The Writing Fellow Experience


Kate Horan

As of January 29th, Ursinus’ Center for Writing and Speaking is open for the Spring 2024 semester. The Center supports students in all aspects of written and spoken communication, doing so through one-on-one appointments with extensively trained Writing Fellows. Writing Fellows spend a whole semester learning and practicing for the position in a required course called “Writing, Pedagogy, and Society.” While it may seem like just a job on campus, being a Writing Fellow is much more than that. It is an experience, one that is unique and rewarding in every way.

Through their working experience, Writing Fellows provide support for other students, but they also learn from the students that they are helping. Every appointment is a learning opportunity for both the student and the Writing Fellow. According to Cici Chagnon ’25, “Working as a Writing Fellow has totally changed the way I look at my own writing. Working with people with all different writing styles has helped me push myself to look at writing assignments differently and to experiment more with my own style.” Appointments in the Center for Writing and Speaking provide opportunities for academic growth but also for personal growth. Chagnon says, “To me, being a Writing Fellow means having the opportunity to make connections with people I might not have met otherwise, while also being a resource that people can feel comfortable reaching out to.” Appointments in the Center for Writing and Speaking create a space for valuable conversations to take place, with Writing Fellows and students building connections based on their similarities and learning about new perspectives through their differences.

It is common for students who have never visited the Center to view appointments with Writing Fellows as intimidating. Students may initially think that it will be uncomfortable to share their writing with a peer, especially if they are not feeling confident in their work. Writing Fellow Evan Chartock ’25 says, “I understand that it can feel like there is a weird power dynamic when a student (who is potentially younger than you) is helping you with your academics. I can assure you that in these sessions, students are surprisingly the ones with the power and autonomy over their own words.” He asserts that “Writing Fellows are simply there to guide everyone towards greatness.” Chagnon encourages students to come to the Center, saying, “It’s not as scary as it might seem! I had to use the Center for a class I took my freshman year and the idea of having to show my writing to someone I didn’t know was intimidating, but my Writing Fellow was super nice and helpful. I wish I had gone to the Center more in my first year.”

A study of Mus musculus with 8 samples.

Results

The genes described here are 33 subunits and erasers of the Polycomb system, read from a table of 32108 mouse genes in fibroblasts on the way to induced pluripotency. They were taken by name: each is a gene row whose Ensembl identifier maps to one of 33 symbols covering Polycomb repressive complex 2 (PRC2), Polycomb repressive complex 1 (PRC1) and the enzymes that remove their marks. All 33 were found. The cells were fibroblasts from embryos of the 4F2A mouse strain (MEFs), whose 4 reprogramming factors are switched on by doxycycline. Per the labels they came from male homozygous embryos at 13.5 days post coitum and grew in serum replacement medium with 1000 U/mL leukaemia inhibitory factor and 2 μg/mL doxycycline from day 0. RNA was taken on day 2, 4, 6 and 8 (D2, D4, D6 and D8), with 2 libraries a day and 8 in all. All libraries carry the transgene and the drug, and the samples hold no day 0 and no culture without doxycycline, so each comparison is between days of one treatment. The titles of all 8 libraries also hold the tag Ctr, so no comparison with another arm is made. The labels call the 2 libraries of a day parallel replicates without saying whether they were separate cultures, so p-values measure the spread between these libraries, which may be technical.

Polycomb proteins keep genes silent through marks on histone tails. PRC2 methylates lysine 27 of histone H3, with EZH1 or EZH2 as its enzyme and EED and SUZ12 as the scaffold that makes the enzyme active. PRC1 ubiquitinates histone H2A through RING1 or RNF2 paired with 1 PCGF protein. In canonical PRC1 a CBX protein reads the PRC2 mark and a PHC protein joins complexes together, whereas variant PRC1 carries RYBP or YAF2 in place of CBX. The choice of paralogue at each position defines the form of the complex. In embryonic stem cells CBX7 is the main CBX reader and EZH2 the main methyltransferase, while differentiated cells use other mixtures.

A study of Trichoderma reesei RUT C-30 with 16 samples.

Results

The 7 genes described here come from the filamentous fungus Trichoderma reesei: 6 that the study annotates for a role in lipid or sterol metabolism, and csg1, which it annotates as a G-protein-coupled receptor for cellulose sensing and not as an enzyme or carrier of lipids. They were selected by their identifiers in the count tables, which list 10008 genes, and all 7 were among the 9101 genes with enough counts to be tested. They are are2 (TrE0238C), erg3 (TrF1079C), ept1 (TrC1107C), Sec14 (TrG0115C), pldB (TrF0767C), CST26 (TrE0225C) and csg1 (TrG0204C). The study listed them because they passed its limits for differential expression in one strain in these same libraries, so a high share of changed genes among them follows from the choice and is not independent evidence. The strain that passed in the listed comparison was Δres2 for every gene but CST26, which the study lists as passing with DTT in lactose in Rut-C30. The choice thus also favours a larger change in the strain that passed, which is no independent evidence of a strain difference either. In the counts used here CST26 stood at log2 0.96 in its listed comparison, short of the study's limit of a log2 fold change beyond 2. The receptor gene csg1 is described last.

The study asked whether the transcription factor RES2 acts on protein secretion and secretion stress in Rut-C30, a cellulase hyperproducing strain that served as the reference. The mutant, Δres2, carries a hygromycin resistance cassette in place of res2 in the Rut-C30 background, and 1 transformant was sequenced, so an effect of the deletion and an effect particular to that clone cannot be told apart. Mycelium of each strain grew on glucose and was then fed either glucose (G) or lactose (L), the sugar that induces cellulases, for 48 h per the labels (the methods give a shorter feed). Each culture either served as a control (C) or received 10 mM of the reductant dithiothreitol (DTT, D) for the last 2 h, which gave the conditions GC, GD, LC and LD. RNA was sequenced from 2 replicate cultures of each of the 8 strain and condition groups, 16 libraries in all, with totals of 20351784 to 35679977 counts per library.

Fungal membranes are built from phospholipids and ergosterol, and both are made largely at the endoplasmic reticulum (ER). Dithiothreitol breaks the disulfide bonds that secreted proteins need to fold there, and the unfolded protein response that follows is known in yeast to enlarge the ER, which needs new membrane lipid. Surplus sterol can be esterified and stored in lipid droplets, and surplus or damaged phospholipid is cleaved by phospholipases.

Even more than being trained and prepared, Writing Fellows are excited and enthusiastic about having the opportunity to help and support other students. After just recently completing their training for the position, a handful of new students have joined the Center’s team of Writing Fellows this semester. One of the new Writing Fellows, Luke Peloquin ’26, is very enthusiastic about getting to help students in the same ways that other Writing Fellows have helped him. He says, “I take most of my essays to the Writing Center before I turn them in, because it’s so helpful to have another set of eyes on my writing, and I’m excited to pay that forward!” Through his training, Peloquin says that one of the most important things that he has learned is that being a Writing Fellow is not just about writing. “I thought that training would be grammar-and-mechanics centered, but it was mostly about connection, support, and the dissolution of barriers,” explains Peloquin.

Even from an outside perspective, it is evident that being a Writing Fellow is a special experience. Within the first two weeks of arriving at Ursinus during his freshman year, Chartock knew that he wanted to be a Writing Fellow. He worked incredibly hard to make connections with faculty and staff in hopes of being nominated. He spent hours on the application process and wore a suit to his interview. Chartock says, “Being a Writing Fellow is a reminder that I am a driven and determined individual who is passionate about writing and speaking, and I hope to bestow these feelings onto all of my clients.”

Chartock asserts that “the Writing Center is a wonderful environment to work in, and much of that is because of our incredible boss, Dr. Talia Argondezzi.” With Dr. Argondezzi’s leadership and the dedicated work of every Writing Fellow, the Center for Writing and Speaking is not just an academic resource, but is a supportive community, providing help and encouragement for every student to become a better writer and speaker.